Tyna Taskila

30 November 2012

Recent improvements in the treatment and early diagnosis of cancer has resulted in an increasing number of survivors remaining in work. A report published on 28 November, Can Work, Will Work, by Oxford Economics in collaboration with Maggie’s Cancer Caring Centres and Unum, reveals there are more than 560,000 people with cancer in the workforce today contributing over £16 billion to the UK economy every year - more than the country’s house building industry.  As prevalence and survival rates are continuing to rise this will grow to more than 1.1 million people by 2030,  making a significant contribution of £29 billion every year. Despite many cancer survivors’ desire to get back to work, the workforce is losing as many as 63,000 people living with cancer because of barriers which prevent them from returning to or remaining in work.

Cancer is currently costing companies £1.1 billion each year in lost productivity and £1.2 billion in costs of absence management, as well as the added expense of recruiting  and training replacement staff. The barriers to work for people living with cancer are a complex interplay of organisational culture, a worker’s fear of returning to a difficult work environment, and a healthcare system which favours rest over activity. It is evident that support from workplaces, especially from line managers, is crucial for helping people with cancer to maintain employment.  We know that employers are willing to support their employees diagnosed with cancer, but often they do not know how as appropriate support for employers is lacking.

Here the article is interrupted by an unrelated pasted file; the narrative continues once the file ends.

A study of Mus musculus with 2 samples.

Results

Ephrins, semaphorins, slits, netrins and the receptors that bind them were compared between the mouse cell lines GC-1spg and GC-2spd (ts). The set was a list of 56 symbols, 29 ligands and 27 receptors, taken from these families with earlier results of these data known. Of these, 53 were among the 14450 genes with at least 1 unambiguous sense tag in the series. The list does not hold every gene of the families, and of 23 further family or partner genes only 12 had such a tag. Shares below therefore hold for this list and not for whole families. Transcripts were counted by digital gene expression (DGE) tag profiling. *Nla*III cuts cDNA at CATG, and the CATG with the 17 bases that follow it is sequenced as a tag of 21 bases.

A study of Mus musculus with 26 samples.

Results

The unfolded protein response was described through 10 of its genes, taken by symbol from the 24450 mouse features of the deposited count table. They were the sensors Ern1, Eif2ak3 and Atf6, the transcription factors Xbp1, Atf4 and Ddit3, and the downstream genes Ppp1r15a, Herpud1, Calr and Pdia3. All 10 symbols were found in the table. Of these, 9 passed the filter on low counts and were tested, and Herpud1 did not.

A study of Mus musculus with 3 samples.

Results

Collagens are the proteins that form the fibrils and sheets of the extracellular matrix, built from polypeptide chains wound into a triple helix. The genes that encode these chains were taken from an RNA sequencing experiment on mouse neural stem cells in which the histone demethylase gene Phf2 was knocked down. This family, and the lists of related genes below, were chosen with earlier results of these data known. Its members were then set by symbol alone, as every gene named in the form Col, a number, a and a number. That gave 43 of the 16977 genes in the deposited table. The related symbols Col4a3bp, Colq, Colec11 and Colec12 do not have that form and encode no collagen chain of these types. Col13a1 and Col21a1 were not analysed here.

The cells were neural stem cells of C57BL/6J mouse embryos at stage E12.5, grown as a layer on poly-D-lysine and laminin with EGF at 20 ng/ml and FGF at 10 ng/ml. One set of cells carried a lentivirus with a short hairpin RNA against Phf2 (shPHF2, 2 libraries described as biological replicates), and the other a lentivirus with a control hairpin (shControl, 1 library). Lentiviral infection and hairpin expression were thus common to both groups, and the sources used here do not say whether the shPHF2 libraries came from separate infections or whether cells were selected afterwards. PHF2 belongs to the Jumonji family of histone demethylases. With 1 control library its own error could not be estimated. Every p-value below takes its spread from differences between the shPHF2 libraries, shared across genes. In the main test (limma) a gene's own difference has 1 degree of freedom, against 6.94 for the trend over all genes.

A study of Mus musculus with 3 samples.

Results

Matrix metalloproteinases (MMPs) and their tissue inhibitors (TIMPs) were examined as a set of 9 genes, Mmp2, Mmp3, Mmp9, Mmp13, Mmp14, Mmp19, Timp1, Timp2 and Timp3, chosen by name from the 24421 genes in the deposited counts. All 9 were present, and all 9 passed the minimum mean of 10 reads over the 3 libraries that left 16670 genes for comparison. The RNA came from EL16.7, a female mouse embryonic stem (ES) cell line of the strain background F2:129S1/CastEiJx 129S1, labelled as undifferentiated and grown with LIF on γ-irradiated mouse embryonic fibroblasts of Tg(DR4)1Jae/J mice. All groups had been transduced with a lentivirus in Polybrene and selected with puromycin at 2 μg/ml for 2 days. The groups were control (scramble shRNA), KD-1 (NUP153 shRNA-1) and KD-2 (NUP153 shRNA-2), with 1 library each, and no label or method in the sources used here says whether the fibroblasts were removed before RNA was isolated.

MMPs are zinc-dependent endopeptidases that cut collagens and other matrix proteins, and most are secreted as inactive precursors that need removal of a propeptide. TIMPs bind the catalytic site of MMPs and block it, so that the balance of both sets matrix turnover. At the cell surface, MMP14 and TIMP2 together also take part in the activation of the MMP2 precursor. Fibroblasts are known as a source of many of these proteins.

The Can Work, Will Work research shows this support does not need to be costly or complicated. Past research has shown that even regular contact between people with cancer and their line-managers, or colleagues, during treatment can have a positive impact. It is clear that employers need proper training and information on return to work processes and support practices for people with chronic conditions, including cancer. There is strong evidence that the longer the sick leave, the less likely it is for an individual to return to work. And research shows that workplace accommodations, such as flexible work hours, can help people with cancer return to work more quickly.

The new sickness absence law (currently under review) will hopefully give more flexibility to people with cancer who want to return to work, or continue working during their treatment.  This would help businesses to better support employees with fluctuating conditions, such as cancer. The availability of additional support  would not only reduce the cost of absences, but it would - crucially - improve the quality of life for cancer survivors.